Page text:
CSU researcher announces end of 'obesity epidemic'.

A controversial new book by a Charles Sturt University (CSU) researcher argues that the so-called ‘obesity epidemic’ has been grossly exaggerated by both the media and the medical mainstream.

In his second book on the topic, The End of the Obesity Epidemic, Associate Professor Michael Gard, a lecturer and researcher at the CSU School of Human Movement Studies in Bathurst, argues that in their attempts to raise awareness about obesity, researchers and health authorities completely misrepresented the size and nature of the problem.

“In total contrast to the widely held view that obesity rates are rocketing out of control, we are not in the middle of an obesity health crisis,” Gard said.

“Obesity rates have been stable or falling around the Western world for over 10 years. Health in most Western countries is improving, while obesity is simply one among the many health challenges we face.

“The recent statistics on health and life expectancy in Australia make this point exactly. The obesity research community has for the last decade been predicting sky-rocketing rates of obesity and plummeting life expectancy. Neither of these claims are true, nor are they likely to come true any time soon.”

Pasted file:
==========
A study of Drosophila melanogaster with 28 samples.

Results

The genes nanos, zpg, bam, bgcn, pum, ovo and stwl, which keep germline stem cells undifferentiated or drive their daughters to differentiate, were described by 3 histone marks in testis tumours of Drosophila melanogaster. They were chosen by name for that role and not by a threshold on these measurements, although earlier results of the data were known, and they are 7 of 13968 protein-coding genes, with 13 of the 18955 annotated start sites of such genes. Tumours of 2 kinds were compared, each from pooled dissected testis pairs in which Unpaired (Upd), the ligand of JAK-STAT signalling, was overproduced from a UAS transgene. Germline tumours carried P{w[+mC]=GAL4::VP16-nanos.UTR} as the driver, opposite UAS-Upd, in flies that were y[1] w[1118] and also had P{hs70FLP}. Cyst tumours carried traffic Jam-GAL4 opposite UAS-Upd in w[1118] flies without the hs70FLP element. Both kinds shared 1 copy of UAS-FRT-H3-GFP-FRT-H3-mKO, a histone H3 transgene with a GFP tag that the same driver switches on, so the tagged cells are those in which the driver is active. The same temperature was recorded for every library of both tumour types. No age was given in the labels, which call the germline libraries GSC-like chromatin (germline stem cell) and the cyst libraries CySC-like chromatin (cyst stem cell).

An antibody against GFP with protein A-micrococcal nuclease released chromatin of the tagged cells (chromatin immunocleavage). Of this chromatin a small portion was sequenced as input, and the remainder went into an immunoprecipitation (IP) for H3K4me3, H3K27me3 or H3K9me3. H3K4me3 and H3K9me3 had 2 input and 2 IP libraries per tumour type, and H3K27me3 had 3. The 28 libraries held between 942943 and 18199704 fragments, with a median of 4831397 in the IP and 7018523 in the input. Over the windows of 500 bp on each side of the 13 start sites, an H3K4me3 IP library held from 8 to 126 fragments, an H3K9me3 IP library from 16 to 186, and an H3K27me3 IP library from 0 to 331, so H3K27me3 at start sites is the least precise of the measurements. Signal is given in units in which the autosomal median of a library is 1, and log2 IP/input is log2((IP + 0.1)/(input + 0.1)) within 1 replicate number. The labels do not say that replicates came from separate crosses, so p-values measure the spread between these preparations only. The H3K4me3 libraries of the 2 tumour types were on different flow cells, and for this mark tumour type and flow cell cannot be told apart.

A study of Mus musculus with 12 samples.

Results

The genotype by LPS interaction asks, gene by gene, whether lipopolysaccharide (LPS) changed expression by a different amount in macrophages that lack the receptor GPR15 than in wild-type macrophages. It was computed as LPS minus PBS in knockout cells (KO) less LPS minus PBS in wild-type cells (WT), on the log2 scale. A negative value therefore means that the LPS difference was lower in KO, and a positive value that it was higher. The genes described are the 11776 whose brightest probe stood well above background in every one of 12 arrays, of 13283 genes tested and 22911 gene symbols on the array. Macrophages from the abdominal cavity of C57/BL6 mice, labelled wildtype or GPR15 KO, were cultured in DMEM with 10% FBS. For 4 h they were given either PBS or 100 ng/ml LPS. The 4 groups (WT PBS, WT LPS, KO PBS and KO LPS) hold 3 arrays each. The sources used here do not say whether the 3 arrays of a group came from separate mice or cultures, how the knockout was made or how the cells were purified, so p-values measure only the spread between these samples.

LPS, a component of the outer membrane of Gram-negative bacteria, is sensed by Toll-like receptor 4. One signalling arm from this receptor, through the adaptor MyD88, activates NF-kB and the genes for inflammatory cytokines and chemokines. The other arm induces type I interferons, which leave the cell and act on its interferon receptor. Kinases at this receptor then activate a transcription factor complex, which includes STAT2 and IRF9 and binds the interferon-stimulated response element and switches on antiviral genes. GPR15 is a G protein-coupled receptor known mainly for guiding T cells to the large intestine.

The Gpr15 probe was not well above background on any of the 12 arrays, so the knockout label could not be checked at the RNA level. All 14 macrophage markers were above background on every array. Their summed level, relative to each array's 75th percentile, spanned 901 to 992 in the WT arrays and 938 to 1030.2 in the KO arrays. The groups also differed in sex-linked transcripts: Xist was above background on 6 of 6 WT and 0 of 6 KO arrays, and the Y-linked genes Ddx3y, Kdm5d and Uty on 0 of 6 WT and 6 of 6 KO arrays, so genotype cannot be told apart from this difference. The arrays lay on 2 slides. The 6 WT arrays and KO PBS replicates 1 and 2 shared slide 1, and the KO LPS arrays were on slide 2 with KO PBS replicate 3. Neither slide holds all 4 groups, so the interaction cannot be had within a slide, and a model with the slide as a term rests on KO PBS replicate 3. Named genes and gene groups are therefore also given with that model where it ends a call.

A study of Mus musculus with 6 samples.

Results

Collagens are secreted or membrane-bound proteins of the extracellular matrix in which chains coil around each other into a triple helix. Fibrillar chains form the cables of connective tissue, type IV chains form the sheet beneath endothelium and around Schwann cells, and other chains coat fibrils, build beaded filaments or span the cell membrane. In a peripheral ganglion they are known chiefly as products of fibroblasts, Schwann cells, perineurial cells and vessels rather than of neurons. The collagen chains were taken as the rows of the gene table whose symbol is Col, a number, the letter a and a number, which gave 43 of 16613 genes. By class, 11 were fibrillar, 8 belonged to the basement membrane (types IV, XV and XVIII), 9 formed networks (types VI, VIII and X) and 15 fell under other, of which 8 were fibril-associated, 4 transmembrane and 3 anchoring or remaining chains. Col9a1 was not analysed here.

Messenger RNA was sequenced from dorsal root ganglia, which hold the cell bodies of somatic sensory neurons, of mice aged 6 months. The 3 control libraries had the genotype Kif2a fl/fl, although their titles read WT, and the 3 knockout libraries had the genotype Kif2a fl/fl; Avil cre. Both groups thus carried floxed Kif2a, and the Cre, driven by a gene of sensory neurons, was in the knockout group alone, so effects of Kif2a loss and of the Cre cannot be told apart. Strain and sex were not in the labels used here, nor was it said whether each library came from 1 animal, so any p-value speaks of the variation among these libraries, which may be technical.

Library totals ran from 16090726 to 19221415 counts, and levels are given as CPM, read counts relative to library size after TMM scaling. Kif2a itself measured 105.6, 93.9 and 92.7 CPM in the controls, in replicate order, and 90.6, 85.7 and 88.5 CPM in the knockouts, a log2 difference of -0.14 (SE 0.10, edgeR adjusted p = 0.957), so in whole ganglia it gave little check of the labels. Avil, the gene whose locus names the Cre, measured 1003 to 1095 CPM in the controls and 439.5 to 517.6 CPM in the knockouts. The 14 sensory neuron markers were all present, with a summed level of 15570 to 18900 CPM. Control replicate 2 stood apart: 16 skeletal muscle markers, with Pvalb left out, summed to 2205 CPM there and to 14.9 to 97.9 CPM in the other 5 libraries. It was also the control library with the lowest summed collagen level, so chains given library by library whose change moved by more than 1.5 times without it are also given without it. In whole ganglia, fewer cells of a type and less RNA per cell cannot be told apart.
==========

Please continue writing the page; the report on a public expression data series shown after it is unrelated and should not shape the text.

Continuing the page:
Gard said the book would inform those interested in the way Western countries tend to “breed health panics”.

“While there was an element of truth about the obesity ‘epidemic’, it never was, and is not now, nearly as serious as declared by some. The book is a case study in how and why health panics - as scientific, political and cultural issues - grow and spread,” he said.

Gard hopes that the book will contribute to more rational and humane thinking about health and health policy. “There are already signs that some Western countries are walking away from the idea of an obesity crisis and others will soon follow.

“The point of this book is that in their attempts to raise awareness about obesity, many interest groups completely exaggerated the problem. As far as health resources are concerned, a huge amount of wasteful and ineffective policy has been enacted. This is why hysterias like the ‘obesity epidemic’ matter; they divert our attention away from the important challenges that face us,” he said.